Dilation, Macular Degeneration Treatment Coming
- Do We Dilate Too Much?
- i have this problem with dilated eye exams, i think. IMO too many people are dilated too often. i'm not "anti-dilation", far from it. i dilate quite a few patients every day.
but i DO NOT dilate every patient at every visit. IMO thats way, way overboard. LOTS of eye doctors are doing this, and defend it vehemently.
i see dilation as being like ordering blood tests. does your primary care provider take blood and order lab tests every time you come in? no, he/she doesnt. not even close! he/she only orders blood tests when:
1) he/she suspects there is some problem that could be found with lab blood tests...some sign or symptom let them to think they need to order a blood test
2) you have some condition or situation that puts you at greatly higher risk of developing a problem that could be found/diagnosed with lab blood tests
3) its been a long time since your last blood test
you dont start coughing and go to your doc...and he orders blood tests. you dont complain that your knee aches or you have diarrhea or you're losing your hair or you need a vasectomy, etc etc etc ad nauseum...and he orders blood tests. those dont happen. he only orders blood tests when he NEEDS to.
so at some point along the way in the history of optometry/ophthalmology, someone somewhere decided that in order to have a "complete" eye exam, you have to be dilated. so now as part of a "routine" eye exam, many people (and many eye docs) think that you must perform a DILATED eye exam every time. anything else wouldnt not be the "standard of care". what? why? i dont see the point. "standard of care" by whose definition? some attorney in medical malpractice claims court? this has GOT to be how it all started. somebody's attorney made a trillion dollars suing some eye doc for something he "missed" and the attorney convinced the judge/jury that this problem would have not been "missed" had the eye doc just bothered to perform a dilation. i'm literally sure this is the reason we're all so dilation-crazy.
let me tell you how many times in my career i've dilated someone and FOUND (stumbled upon?) something BAD (retinal hole, tear, tumor, detachment, retinopathy, etc) that i WAS NOT expecting or suspecting BEFORE the dilation started based on the symptoms, signs or risk factors/conditions the patient already had: ZERO. not one time.
now frequently i dilate people based on their complaints/risk factors/clinical signs and i still dont find anything b/c nothing is wrong. for example: a -10.00 myope gets an eye exam and i dilate her and DONT find any signs of retinal problems. ok good! i didnt find anything! i didnt want to! but i dilated her b/c -10.00 myopes are more likely to have peripheral retinal problems...so she had/has a predisposed higher risk for those types of problems vs other patients.
but like this lady ths morning: 50-something year old African-American woman. nothing wrong with her, no real complaints. sees well thru her very-low hyperopia bifocal glasses, just here for an annual, routine eye exam. she had an annual/routine eye exam last year and was dilated at that exam (and nothing was found). and after fairly extensive non-dilated eye testing she was found to still be the picture of perfect eye health. so at the end of the exam she asks "arent you going to dilate me"?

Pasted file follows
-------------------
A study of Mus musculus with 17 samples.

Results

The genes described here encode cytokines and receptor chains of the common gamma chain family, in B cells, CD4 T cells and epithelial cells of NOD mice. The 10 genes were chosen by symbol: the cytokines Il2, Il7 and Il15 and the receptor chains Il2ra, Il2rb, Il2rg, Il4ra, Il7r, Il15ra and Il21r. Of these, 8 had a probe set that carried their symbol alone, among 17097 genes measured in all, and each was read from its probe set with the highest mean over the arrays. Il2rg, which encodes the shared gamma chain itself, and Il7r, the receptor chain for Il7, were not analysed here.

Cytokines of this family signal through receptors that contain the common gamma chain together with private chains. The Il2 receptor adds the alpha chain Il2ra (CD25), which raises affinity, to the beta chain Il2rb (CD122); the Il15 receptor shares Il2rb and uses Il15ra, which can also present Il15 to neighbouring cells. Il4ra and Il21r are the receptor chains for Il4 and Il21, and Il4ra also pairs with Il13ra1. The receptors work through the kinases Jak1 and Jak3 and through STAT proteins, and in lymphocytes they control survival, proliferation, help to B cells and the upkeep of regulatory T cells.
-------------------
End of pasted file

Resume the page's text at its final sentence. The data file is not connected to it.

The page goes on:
"no", i reply. "you dont need it".
well she literally thought i was trying to "skimp" on the exam and not give her a "thorough" eye exam. i ended up dilating her anyway (she pretty much demanded it) and she left kinda mad. she told me the "last guy" did a more thorough exam. she's been conditioned to think she "NEEDS" a dilation every. single. time. well guess what i found on the dilation? NOTHING. just like i knew would happen before she demanded it. she had no signs or symptoms or predisposing factors that would warrant a dilation. i mean it was just totally wasted time in her case.
i dilate plenty of patients for plenty of reasons, but i'm against dilation for the sake of dilation, or just b/c the AOA or AMA website said that a dilation is needed for a "thorough" eye exam, or b/c a patient "thinks" they "need" it, or even worse just b/c an insurance company deems it necessary before they'll PAY.
i think i'll go across the street and demand my PCP run blood tests. or next time i see him i'll say "arent you going to run blood tests?" naw, i wont. i like Dr. Chang
- Macular Degeneration Treatment Just 7 Years Away?
- thats what this article says. Pfizer has apparently developed injected stem cell therapy to be an in-office minor surgical procedure. if this turns out to be true it could change a lot of people's lives...
INTRAOCULAR STEM CELL INJECTION PROCEDURE
U.S. clinical FDA trials to start in 2 years
- Recent Radio Interview Uploaded to Website!
- they sent me a cd and i was able to upload the interview! you can now go to our practice website and stream the interview in 2 parts:
the interview was for a show is called "Brazos Wellness" that airs on 1620am WTAW in College Station, TX Sundays at 7am. my specific interview aired Sunday, March 29th, 2009.
in the interview i discussed ocular allergy, pediatrics, ortho-k, LASIK, the "see clearly method" and other topics regarding vision and eye care. i had a blast doing it and i think it came out well!